Every Non-English Language Best Picture Nominee Ranked

6. La Grande Illusion (1937)

This is up there with the top war films; taking a sad, philosophical look at men trying to make the best of a nightmarish situation and retain their dignity and honour in the process. It’s also one of the last great French films that saw release before the outbreak of WWII and the Nazi occupation, Jean Renoir’s treatise on war seeming very aware of the new conflict on the horizon.

It’s a great film about class, not only in its setting of POW camps for officers, but the sub-divisions within it based on each prisoner’s pre-war background. Erich von Stroheim’s fascinating German commandant character found a purpose on the battlefield, but extensive injuries reduced him to overseeing captured officers in an isolated castle prison, and even this is preferable to what was awaiting him in society outside as an (aristocratic) invalid at the end of the war.

If you think about it, The Great Escape is a much broader version of this set in the next World War, and Jean Gabin’s character is the Steve McQueen equivalent: the camp dissident put in isolation and planning an escape to Switzerland. He finds a chance of happiness in peace time when he convalesces with a lonely war widow who observes that without her husband, “The tables’s grown too big”.

Frank Capra’s You Can’t Take It With You won Best Picture this year, a fine film but not quite up there with his best. Perhaps the Academy didn’t want to award another challenging Great War film less than a decade after All Quiet on the Western Front.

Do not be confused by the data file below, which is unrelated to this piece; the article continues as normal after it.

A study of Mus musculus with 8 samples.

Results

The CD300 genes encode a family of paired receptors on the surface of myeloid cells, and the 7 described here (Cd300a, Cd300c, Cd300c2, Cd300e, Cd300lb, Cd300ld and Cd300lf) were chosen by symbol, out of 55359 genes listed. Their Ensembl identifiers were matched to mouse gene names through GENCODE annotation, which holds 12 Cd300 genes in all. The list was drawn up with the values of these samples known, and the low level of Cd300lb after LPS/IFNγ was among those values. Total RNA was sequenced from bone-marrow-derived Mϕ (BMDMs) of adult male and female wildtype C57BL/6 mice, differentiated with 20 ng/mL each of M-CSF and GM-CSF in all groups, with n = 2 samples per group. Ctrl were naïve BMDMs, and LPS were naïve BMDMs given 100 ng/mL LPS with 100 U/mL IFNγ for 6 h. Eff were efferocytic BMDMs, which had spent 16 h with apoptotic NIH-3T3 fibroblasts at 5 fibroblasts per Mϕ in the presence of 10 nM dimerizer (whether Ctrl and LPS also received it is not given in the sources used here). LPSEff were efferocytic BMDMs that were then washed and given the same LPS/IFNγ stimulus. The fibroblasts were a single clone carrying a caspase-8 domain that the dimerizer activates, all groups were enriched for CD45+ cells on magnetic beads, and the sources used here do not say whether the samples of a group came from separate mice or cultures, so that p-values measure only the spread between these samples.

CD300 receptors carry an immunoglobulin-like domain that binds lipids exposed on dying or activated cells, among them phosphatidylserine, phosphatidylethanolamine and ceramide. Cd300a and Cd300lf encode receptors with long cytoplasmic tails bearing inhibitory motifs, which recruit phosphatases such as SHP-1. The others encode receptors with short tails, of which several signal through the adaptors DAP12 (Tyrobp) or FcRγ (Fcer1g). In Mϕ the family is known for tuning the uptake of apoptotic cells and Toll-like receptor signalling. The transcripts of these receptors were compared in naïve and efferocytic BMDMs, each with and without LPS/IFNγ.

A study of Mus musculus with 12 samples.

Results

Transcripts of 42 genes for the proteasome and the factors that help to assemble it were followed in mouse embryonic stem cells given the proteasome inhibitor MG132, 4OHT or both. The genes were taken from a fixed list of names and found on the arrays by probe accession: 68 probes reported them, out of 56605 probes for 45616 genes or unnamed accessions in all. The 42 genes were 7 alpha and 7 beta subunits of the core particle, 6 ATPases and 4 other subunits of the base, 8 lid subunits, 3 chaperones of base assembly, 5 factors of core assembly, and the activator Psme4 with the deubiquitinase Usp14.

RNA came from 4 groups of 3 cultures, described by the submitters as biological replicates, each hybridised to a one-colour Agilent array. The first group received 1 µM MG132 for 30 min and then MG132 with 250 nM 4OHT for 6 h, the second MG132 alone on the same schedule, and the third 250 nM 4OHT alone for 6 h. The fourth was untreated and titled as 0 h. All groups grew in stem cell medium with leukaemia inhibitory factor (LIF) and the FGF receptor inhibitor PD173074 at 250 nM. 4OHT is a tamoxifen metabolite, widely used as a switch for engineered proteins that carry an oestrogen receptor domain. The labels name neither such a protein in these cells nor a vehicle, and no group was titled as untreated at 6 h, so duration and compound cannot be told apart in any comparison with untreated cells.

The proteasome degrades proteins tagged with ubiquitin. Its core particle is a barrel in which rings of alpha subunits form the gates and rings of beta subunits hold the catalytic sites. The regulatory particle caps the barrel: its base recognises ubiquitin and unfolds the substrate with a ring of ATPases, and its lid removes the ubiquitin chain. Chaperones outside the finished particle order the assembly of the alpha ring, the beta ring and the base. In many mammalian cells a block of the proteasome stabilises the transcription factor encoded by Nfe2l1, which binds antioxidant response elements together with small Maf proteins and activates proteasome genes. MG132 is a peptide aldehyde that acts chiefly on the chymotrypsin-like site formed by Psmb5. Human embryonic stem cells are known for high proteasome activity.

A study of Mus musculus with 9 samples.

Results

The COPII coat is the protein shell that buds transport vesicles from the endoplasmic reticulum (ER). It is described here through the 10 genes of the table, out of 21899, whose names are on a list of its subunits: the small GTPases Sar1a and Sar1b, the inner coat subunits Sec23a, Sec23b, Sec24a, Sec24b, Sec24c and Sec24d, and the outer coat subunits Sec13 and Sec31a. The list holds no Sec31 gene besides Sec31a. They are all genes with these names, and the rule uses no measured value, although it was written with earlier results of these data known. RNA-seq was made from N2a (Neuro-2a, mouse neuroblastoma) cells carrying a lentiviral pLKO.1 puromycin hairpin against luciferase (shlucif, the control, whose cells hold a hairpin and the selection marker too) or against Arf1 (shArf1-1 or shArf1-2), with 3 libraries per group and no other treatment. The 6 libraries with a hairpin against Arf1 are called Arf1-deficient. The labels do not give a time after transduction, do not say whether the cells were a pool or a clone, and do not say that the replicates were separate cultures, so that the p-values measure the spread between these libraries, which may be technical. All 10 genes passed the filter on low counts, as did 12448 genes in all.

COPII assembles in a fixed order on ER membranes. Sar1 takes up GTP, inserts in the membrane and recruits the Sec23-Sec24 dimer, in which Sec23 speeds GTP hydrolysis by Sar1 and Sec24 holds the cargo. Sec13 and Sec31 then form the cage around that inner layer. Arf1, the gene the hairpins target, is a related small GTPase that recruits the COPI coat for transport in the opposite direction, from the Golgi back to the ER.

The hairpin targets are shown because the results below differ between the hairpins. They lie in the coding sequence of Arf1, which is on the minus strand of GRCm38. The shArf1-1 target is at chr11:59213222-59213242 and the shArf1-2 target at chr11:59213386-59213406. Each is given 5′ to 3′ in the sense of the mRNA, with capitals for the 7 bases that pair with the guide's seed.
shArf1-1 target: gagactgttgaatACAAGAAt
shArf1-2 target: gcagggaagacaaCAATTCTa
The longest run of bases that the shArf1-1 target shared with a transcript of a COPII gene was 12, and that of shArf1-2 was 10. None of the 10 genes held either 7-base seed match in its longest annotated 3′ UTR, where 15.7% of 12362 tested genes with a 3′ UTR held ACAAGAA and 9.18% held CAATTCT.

5. The Zone of Interest (2023)

The Zone of Interest Review

The Zone of Interest is an utterly devastating, soul-crushing film in ways that have rarely been achieved in a such precision-tooled fashion.

We follow Commandant Rudolf Höss (Christian Friedel) and his wife Hedwig (Sandra Hüller) who live their dream life in a luxurious modern house, while over their garden wall lies Auschwitz concentration camp.

Jonathan Glazer doesn’t make many films (he averages one per decade), but when they do come out they hit with the force of a freight train. His decision to go for a non-intrusive filming style, where the actors weren’t sure when or how closely they were being captured, brings a fly-on-the-wall immediacy to things and makes the audience complicit in the Hoss family’s apathy towards, and material benefits from, the horrors happening just next door.

Beginning and ending the film on an extended shot of a black void as you are made to squirm at the oppressive soundscape of arable sounds mixed with the noise of machinery and death is one of the many things that ensures The Zone of Interest stays with you.

4. Cries and Whispers (1972)

Ingmar Bergman’s almost unbearably intense period chamber piece follows two wealthy sisters (Liv Ullman and Ingrid Thulin) and their maid (Kari Sylwan) caring for their bedridden sister (Harriet Andersson) who is slowly, agonisingly dying of cancer.

The striking visuals, including searing red backdrops and characters’ staring faces melting into them at the end of each chapter, do a lot of work in the dialogue-light first half, but soon we have cutting monologues and even elements of macabre gothic horror worming its way into the plot.

By no means the easiest watch, with the pain-wracked performances and pervasive atmosphere, but it doesn’t outstay its welcome either; this is a hypnotic slice of domestic trauma populated by a family struggling to understand and express love for each other in an even remotely healthy way.

The Sting won this year because everyone loves watching Robert Redford and Paul Newman being charming and handsome together.